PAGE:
In the vast goldfields of northern Nevada, large-scale, open-pit mining has been a way of life for decades. With so much mining activity concentrated in one area, many experts are studying the potential environmental impacts of these mines over the long-term.
Water management is one of the key issues facing the mining industry in Nevada. As large open-pit mines are developed, companies must pump the groundwater out of adjacent aquifers in order to operate the pits safely. Much of this water is re-injected back into the ground, while some is used in mineral processing and surface irrigation.
Pumping large quantities of groundwater has scientists trying to determine what, if any, the long-term effects will be.
Barrick Gold’s Goldstrike mine in Nevada is home to one of the largest open pit operations in the world. Currently, the company pumps 17,000 gallons of groundwater per minute to maintain the water table below the bottom of Goldstrike’s underground mine.
In the meantime, Barrick Gold is harnessing an innovative technology to monitor and assess the impact of mining on the area’s water resources. It’s called Interferometric Synthetic Aperture Radar (InSAR). It will allow Barrick Gold scientists to accurately map the potential effects of mining on water resources in the regional aquifer. The results will be shared with other mining companies, local communities and government regulators.
Traditionally, the Environment team at Goldstrike has relied on its extensive surface and groundwater monitoring program, which covers approximately 1,600 square kilometers with more than 110 regional monitoring wells and 20 stream monitoring stations.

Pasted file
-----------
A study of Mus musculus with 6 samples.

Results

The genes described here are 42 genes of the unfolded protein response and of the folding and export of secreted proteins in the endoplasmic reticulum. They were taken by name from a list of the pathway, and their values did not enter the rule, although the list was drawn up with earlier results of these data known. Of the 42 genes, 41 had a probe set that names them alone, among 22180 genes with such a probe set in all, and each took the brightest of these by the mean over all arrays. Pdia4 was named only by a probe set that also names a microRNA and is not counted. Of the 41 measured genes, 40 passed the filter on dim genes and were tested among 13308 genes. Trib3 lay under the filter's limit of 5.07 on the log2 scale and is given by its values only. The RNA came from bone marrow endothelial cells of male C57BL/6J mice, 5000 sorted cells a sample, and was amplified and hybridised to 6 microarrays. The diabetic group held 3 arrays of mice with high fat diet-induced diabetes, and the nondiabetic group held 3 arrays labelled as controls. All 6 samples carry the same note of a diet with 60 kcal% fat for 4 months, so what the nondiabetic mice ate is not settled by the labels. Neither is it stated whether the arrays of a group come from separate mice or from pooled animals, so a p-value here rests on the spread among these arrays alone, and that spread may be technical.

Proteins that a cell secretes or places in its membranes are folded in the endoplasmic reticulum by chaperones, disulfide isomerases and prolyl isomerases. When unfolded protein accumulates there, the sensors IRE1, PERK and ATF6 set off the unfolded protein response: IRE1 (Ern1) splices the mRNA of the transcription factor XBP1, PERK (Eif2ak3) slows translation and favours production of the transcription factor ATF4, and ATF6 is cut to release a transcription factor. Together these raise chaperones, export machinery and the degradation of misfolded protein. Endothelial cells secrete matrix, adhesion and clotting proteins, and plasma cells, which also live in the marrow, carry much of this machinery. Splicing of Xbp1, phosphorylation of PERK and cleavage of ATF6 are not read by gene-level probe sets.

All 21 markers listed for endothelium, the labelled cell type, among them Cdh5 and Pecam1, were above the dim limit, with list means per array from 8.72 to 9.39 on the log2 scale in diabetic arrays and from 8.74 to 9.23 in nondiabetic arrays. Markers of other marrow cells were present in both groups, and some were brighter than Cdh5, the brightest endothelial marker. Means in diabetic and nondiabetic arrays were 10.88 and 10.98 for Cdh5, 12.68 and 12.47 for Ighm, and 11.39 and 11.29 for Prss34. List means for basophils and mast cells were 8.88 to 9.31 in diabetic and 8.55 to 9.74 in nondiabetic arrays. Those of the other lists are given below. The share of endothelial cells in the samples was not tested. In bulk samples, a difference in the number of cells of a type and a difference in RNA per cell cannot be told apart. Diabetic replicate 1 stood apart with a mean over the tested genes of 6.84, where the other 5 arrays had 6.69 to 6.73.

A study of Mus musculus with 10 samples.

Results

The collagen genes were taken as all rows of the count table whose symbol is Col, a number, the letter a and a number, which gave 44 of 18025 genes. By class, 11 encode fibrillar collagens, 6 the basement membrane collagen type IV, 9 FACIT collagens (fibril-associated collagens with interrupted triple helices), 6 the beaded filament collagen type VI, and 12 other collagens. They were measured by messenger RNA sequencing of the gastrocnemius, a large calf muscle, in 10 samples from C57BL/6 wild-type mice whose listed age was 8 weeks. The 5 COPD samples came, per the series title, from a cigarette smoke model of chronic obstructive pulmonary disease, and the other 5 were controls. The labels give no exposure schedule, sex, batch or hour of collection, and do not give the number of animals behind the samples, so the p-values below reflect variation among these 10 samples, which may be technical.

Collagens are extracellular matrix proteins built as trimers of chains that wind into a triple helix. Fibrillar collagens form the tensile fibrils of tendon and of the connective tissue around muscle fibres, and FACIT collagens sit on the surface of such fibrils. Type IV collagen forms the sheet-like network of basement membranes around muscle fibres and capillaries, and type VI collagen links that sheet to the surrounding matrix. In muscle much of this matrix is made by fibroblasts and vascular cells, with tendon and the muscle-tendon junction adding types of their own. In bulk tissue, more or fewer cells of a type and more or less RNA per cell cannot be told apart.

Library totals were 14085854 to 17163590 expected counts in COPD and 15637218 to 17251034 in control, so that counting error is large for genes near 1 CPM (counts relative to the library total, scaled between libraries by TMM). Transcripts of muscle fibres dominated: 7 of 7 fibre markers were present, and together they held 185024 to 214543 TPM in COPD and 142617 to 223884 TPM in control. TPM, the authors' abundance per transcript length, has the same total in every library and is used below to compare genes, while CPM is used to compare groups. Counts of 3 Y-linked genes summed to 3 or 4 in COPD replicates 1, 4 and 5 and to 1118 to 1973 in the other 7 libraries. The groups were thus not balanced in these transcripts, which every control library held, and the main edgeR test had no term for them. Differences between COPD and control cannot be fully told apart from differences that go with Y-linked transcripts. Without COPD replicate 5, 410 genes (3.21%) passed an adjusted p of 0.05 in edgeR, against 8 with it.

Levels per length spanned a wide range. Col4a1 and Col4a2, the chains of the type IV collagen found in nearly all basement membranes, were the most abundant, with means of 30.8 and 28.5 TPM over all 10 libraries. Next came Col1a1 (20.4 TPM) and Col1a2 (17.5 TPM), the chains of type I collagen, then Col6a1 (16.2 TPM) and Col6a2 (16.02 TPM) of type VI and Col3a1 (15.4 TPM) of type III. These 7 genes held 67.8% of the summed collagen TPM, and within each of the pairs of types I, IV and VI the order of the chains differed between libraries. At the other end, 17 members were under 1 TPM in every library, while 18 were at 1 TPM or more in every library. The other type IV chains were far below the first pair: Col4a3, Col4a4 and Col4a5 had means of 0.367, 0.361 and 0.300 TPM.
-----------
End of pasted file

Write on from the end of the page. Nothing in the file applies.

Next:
InSAR gives them the big picture, literally. Here’s how it works. Special satellites orbiting the earth record sophisticated radar images of the area by sending out roughly 1,700 pulses per second. A suitable baseline is created over time. Appropriate images from different time periods are selected and “interfered” over each other, lining up exactly. Experts then use computer modeling to simulate a fl at topography. Subtle changes between the two images are recorded and color-coded to create an interferogram. This image can show changes to the earth’s surface over time, within millimeters.
How does this help with water monitoring? In certain geological formations, when mines draw water from the subterranean aquifer, the surface above actually sinks, although imperceptibly to the human eye. When water flows back into those aquifers, the earth’s surface is pushed up. InSAR provides a useful tool for measuring these very small changes in the earth’s crust. In doing so, it helps to illustrate just how mining affects groundwater resources in the region, and how much water is contained in subterranean aquifers.
It has been a very effective tool, according to Dr. Johnny Zhan, Barrick Gold’s senior manager of Hydrology. He explains how measuring deep-level subterranean aquifers can be difficult using traditional methods. At Goldstrike, that means drilling monitoring wells up to 4,000 feet deep, at a cost of up to $300,000-$500,000 per hole. And there is no guarantee your hole will hit the aquifer you’re looking for. Barrick Gold has been able to use data from InSAR to confirm the company’s groundwater monitoring results at Goldstrike and its projections from the regional groundwater flow model.
The technology has a wide range of applications for mining companies today. Barrick Gold is considering using InSAR to study the stability of rock storage facilities, large reclamation projects and tailings dams. In each case, examining changes to the earth’s surface over time can reveal vital information.
The InSAR satellite images can also provide excellent data for the study of soil moisture, evaporation, wetlands and vegetation. Geologists can even use the images to assess the mineral potential of a given area.